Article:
A job posting looking for workers is shown at a gas station in San Diego, California, U.S. November, 9, 2021.
A job posting looking for workers is shown at a gas station in San Diego, California, U.S. November, 9, 2021. Reuters / MIKE BLAKE

U.S. private employers hired the fewest workers in two years in April, likely hampered by persistent labor shortages, raising the possibility that overall job growth slowed last month.

The ADP National Employment Report on Wednesday showed a broad slowdown in hiring, with job gains in the leisure and hospitality industry also the smallest since late 2020. Companies with less than 50 employees saw a decline in payrolls.

"While hiring demand remains strong, labor supply shortages caused job gains to soften," said Nela Richardson, ADP chief economist. "As the labor market tightens, small companies with fewer than 50 employees, struggle with competition for wages amid increased costs."

Private payrolls rose by 247,000 jobs last month, the smallest gain since April 2020. Data for March was revised higher to show 479,000 jobs added instead of the 455,000 initially reported. Economists polled by Reuters had forecast private payrolls would increase by 395,000 jobs.

The ADP report is jointly developed with Moody's Analytics and was published ahead of the release on Friday of the Labor Department's more comprehensive and closely watched employment report for April. It has, however, a poor record predicting the private payrolls count in the department's Bureau of Labor Statistics employment report because of methodology differences.

"Job growth will slow over the course of 2022, not because of a lack of demand for labor, but a lack of supply," said Gus Faucher, chief economist at PNC Financial in Pittsburgh, Pennsylvania. "The tight labor market is pushing up wages, adding to inflationary pressures in the U.S. economy."

The Federal Reserve is expected to hike interest rates by half of a percentage point later on Wednesday, and likely to start trimming its asset holdings soon. The U.S. central bank raised its policy interest rate by 25 basis points in March.


Government data on Tuesday showed there were a record 11.5 million job openings on the last day of March, which pushed up the jobs-workers gap to a record 3.4% of the labor force from 3.1% in February.

According to a Reuters survey of economists, private payrolls likely increased by 385,000 jobs in April after rising by 426,000 in March. With further gains in government employment expected, that would likely lead to an increase of 394,000 in nonfarm payrolls. The economy created 431,000 jobs in March.

A separate report from the Commerce Department on Wednesday showed the trade deficit surged to a record high in March, confirming that trade weighed on the economy in the first quarter and could remain a drag as businesses replenish inventories with imported goods.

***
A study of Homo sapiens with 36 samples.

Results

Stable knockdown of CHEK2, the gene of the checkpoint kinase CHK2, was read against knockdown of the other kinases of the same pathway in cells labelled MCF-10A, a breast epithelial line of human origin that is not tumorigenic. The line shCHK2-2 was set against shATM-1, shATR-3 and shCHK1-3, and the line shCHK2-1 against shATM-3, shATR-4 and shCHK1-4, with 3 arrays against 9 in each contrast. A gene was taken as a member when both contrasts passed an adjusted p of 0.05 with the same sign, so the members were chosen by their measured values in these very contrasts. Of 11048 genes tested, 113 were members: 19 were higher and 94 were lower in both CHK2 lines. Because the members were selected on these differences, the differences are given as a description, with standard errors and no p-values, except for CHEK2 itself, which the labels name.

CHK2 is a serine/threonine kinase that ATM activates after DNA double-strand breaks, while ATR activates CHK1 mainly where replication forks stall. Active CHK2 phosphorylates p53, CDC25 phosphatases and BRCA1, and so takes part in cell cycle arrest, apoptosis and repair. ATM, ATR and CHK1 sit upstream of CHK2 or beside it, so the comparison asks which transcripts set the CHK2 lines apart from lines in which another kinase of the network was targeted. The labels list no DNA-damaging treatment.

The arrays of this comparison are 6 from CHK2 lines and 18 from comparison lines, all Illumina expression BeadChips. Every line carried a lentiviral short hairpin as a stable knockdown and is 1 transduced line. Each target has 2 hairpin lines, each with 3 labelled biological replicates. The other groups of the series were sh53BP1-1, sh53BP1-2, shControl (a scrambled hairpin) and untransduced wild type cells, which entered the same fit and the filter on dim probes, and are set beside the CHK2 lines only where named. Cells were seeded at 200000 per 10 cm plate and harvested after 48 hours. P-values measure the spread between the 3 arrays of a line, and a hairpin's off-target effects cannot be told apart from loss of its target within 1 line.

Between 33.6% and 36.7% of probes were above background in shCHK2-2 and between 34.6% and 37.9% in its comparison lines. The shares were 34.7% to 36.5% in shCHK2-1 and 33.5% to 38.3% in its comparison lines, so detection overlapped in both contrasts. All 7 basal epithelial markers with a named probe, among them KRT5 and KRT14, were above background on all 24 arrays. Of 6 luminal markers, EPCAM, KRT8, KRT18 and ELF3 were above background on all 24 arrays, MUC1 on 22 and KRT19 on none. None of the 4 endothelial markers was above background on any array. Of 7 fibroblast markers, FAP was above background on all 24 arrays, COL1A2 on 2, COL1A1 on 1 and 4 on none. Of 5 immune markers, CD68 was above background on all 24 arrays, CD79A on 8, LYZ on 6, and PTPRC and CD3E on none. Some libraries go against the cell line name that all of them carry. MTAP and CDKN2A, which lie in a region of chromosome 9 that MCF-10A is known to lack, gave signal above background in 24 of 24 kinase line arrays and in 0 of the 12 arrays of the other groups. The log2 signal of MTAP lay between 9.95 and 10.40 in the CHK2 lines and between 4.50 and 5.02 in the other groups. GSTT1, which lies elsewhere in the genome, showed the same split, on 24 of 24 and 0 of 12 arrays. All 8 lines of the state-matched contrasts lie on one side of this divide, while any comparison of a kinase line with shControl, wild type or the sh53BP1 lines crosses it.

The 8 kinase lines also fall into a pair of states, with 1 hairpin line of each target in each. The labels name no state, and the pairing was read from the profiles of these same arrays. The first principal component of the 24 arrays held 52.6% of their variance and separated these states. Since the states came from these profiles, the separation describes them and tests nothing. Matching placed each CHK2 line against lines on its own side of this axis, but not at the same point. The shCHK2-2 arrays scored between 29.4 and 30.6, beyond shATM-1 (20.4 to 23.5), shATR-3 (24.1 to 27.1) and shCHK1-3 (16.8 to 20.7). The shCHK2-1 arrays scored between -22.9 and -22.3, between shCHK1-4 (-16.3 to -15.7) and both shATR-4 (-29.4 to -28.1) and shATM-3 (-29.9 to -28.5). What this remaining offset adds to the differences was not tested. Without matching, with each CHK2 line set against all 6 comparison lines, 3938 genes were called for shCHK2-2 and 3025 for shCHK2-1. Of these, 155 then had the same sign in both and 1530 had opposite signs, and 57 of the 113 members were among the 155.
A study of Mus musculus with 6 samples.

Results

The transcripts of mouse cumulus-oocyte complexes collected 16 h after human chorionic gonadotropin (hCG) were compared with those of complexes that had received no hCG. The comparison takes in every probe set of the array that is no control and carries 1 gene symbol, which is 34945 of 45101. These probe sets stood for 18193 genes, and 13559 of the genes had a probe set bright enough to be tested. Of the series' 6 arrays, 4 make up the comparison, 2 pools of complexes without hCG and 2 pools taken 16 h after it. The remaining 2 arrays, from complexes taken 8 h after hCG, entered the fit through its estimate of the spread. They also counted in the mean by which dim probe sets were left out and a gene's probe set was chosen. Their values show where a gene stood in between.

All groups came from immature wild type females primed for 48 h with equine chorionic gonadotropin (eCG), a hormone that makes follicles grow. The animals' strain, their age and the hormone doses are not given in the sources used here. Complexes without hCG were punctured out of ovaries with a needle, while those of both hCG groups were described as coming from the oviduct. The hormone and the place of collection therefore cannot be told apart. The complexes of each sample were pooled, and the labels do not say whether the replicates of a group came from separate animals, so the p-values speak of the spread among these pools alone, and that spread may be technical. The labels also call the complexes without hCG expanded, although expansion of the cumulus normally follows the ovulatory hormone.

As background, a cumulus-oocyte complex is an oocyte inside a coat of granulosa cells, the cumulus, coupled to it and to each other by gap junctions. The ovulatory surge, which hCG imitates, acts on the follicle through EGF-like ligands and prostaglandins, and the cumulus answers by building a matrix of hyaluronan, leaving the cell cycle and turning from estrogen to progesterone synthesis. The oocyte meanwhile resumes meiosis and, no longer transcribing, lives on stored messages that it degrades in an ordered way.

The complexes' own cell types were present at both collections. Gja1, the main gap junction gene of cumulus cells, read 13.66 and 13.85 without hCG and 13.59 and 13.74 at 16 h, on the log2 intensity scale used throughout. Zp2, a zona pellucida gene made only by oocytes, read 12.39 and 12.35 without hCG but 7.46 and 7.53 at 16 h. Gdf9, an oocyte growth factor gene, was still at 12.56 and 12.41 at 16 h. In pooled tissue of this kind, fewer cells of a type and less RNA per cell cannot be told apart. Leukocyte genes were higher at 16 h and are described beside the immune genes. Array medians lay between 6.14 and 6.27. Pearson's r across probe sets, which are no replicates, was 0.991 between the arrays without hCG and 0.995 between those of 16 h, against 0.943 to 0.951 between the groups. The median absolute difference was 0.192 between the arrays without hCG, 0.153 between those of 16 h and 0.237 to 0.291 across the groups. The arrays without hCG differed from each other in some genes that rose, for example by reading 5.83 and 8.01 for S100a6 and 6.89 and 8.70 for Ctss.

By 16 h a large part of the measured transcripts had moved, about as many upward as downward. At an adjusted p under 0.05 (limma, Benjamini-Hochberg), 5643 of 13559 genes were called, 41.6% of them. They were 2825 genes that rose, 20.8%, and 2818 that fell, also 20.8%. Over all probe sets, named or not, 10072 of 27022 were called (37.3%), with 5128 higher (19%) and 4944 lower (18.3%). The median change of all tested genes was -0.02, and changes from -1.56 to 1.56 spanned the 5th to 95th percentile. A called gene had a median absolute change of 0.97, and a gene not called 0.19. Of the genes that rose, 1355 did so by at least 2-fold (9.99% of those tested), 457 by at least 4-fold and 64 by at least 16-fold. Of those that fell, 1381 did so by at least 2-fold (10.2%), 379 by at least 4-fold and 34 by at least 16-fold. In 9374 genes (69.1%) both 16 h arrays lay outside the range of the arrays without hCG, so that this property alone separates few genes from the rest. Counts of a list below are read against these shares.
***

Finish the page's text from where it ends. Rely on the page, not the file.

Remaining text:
The trade deficit accelerated 22.3% to $109.8 billion in March amid a record increase in imports. Economists had forecast a $107 billion deficit.

The government reported last week that a record trade deficit sliced 3.20 percentage points from gross domestic product in the first quarter, resulting in GDP contracting at a 1.4% annualized rate after growing at a robust 6.9% pace in the fourth quarter.

Trade has subtracted from GDP for seven straight quarters. Imports of goods and services jumped 10.3% to $351.5 billion, outpacing a 5.6% rise in exports to $241.7 billion.

Imports of goods were boosted by industrial supplies and materials, which increased $11.3 billion to $76.4 billion, the highest since July 2008. Petroleum imports in March were the highest since December 2014. Consumer goods imports rose $10.0 billion to a record $83.1 billion, lifted by apparel, household goods, footwear, toys, games and sporting goods.

Capital goods increased $5.2 billion, while imports of motor vehicles and parts rose $3.2 billion. Imports of services increased $0.9 billion to $52.7 billion, reflecting rises in transport and travel, but charges for the use of intellectual property decreased $1.2 billion.

"What the huge demand for imported goods does show is that America may have more of a demand problem than a supply problem," said Christopher Rupkey, chief economist at FWDBONDS in New York. "As long as import demand keeps setting records, it shows the Fed has to keep pushing interest rates up and up because American consumers and businesses are not done buying yet and strong demand keeps the inflation fires burning."

Exports of goods were supported by a $7.4 billion increase in industrial supplies and materials, which reflected rises in shipments of crude oil and natural gas liquids. Motor vehicle and parts exports increased $1.0 billion.

Exports of services increased $1.2 billion to $71.1 billion in March. They were lifted by gains in transport, travel, financial services and other business services.